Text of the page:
Welcome to training camp week! The 2022-23 Calgary Flames officially hit the ice for the first time on Thursday and play their first pre-season games on Sunday. As one of the most fascinating camps in team history opens, here are five storylines to monitor over the next three weeks.

Does Huberdeau play with Lindholm?

When Calgary acquired Jonathan Huberdeau in July, my initial thought was we’d see him immediately slide into the team’s top left wing slot alongside Elias Lindholm. That’s still what I’m anticipating a couple months later, but head coach Darryl Sutter has mentioned the need to find out if Huberdeau is better suited to play with Lindholm or newcomer Nazem Kadri.
I certainly wonder if we see some experimentation in the early stages of camp. For instance, one year ago the Flames started with Johnny Gaudreau on a line with Sean Monahan, while Matthew Tkachuk and Lindholm were on another. By game one of the regular season, the trio of Lindholm, Tkachuk, and Gaudreau were ready to rock for what would end up being a banner year.

How do the rest of the forward groups come together?

With so many new faces at forward to go along with a pair of significant departures, the intrigue surrounding Calgary’s forward combinations is as high as it’s ever been. The Flames are deeper at centre as they’ve been in years, but have a few things to work out on the wings. That’s why I like the idea of building around a few forward pairings.
Huberdeau-Lindholm
Mangiapane-Kadri
Coleman-Backlund
From there, Calgary would have the ability to plug-and-play wingers like Tyler Toffoli, Dillon Dubé, and even PTO addition Sonny Milano on different lines to see how things fit. But that’s just me; it seems like everyone has a slightly different opinion on what they’d like to see from the forward groups, which will make this a fun story to track during camp.

While Weegar gets used to his new teammates in Calgary, his contract status will likely be the largest off ice story during camp. I’ve been saying for some time I believe a deal will get done and I remain just as confident that’s going to happen. I know Weegar and his camp would like to sign long-term, and the Flames would like to lock up a key member of a franchise-defining trade.
So now we have two questions. What does that deal look like? Sportsnet’s Elliotte Friedman suggested somewhere in the range of eight years at $6.5 million per last week, so there’s your ballpark. And when does the deal get done? I’m sure both sides would love to have it done before the regular season starts, but that shouldn’t be a dealbreaker on either side.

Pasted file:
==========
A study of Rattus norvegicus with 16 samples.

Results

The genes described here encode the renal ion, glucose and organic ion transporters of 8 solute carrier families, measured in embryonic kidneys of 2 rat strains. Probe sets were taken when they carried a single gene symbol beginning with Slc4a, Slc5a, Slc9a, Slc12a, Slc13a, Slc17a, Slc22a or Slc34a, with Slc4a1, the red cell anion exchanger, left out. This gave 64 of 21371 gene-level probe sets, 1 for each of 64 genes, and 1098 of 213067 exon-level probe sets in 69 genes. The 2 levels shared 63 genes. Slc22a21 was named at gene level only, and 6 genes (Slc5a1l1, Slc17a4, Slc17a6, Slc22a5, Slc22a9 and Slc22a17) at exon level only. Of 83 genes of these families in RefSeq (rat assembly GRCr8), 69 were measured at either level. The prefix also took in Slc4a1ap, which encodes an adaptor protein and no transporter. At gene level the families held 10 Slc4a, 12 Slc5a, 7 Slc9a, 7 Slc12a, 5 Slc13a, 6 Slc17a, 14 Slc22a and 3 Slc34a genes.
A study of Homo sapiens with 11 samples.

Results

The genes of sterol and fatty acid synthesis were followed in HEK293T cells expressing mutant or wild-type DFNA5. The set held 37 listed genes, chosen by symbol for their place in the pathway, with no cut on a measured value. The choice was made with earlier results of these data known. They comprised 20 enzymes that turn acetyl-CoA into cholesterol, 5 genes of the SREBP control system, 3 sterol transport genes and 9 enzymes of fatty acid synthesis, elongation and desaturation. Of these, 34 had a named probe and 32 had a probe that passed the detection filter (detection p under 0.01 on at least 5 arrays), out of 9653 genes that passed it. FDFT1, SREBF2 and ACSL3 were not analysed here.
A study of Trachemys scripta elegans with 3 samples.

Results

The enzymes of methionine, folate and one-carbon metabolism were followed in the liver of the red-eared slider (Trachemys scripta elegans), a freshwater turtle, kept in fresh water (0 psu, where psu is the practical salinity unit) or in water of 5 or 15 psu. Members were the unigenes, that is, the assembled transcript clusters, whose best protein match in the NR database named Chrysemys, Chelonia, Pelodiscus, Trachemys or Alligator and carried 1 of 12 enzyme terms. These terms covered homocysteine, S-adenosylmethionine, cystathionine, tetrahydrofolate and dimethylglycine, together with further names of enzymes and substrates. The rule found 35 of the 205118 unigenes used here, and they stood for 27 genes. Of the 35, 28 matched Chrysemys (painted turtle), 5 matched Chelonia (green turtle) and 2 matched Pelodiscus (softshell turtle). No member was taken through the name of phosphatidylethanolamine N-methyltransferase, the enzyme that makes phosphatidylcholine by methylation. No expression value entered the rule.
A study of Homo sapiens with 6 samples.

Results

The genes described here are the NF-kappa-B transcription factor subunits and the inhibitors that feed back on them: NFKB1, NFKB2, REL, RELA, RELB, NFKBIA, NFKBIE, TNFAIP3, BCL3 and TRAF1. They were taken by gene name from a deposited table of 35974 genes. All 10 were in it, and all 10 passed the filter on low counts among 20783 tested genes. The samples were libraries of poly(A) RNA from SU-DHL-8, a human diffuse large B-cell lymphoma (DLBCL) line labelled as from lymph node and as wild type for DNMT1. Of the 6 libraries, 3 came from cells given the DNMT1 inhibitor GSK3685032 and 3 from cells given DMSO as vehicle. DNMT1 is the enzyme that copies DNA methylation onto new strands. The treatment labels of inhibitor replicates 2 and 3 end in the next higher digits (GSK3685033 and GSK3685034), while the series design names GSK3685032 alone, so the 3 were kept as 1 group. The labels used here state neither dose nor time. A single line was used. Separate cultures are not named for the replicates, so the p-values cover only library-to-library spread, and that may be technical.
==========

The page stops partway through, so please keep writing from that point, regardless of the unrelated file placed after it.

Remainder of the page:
No team had consistency across their defence pairings like the Flames did last season. All three of Calgary’s regular duos ranked top ten in minutes played together at five-on-five, something no other team was able to say. That might happen again, but the addition of Weegar likely means changes coming in the top four.
Hanifin-Andersson
Kylington-Tanev
Zadorov-Gudbranson
Body for body, the Flames are looking at Weegar in for Erik Gudbranson. But, with no disrespect intended, Gudbranson was perfectly slotted on Calgary’s third pair. Weegar, on the other hand, is a bona fide top four blueliner and should end up on the first or second pair. That raises some fun and fascinating questions.
Weegar is a right shot who can play the left side, which makes it a little easier to pair him with Tanev or Andersson. So does that drop Kylington to the third pair with Zadorov? If so, is Calgary comfortable with one of their third pair d-men playing their off side? How much was Kylington propped up by Tanev last year? And how does PTO Michael Stone, a right shot himself, factor into the equation? I can’t wait to see how this plays out during camp and potentially into the regular season.

The Young Stars Classic is done for 2022 and now we see if any of the team’s prospects can carry momentum from Penticton into main camp. Jakob Pelletier, Cole Schwindt, and maybe Walker Duehr seem to have the best opportunity to push for a spot, but it won’t be easy.
After a lukewarm start, I thought Pelletier had his best game to wrap up the Young Stars on Monday. Schwindt and Duehr, on the other hand, were both quietly effective in all three of their games. But with Milano and Cody Eakin coming to camp on PTOs and a rumoured Brett Ritchie signing, too, competition for NHL roster spots is going to be heated.
One guy I’m watching: 2020 first round pick Connor Zary. I don’t think there’s a path for Zary to crack the big team out of camp, but I thought he was the best Flames prospect over the weekend in Penticton. Zary looks to have taken a step for this season and if he can carry that into main camp, maybe we see him get a long look before he inevitably starts the season with the AHL Wranglers.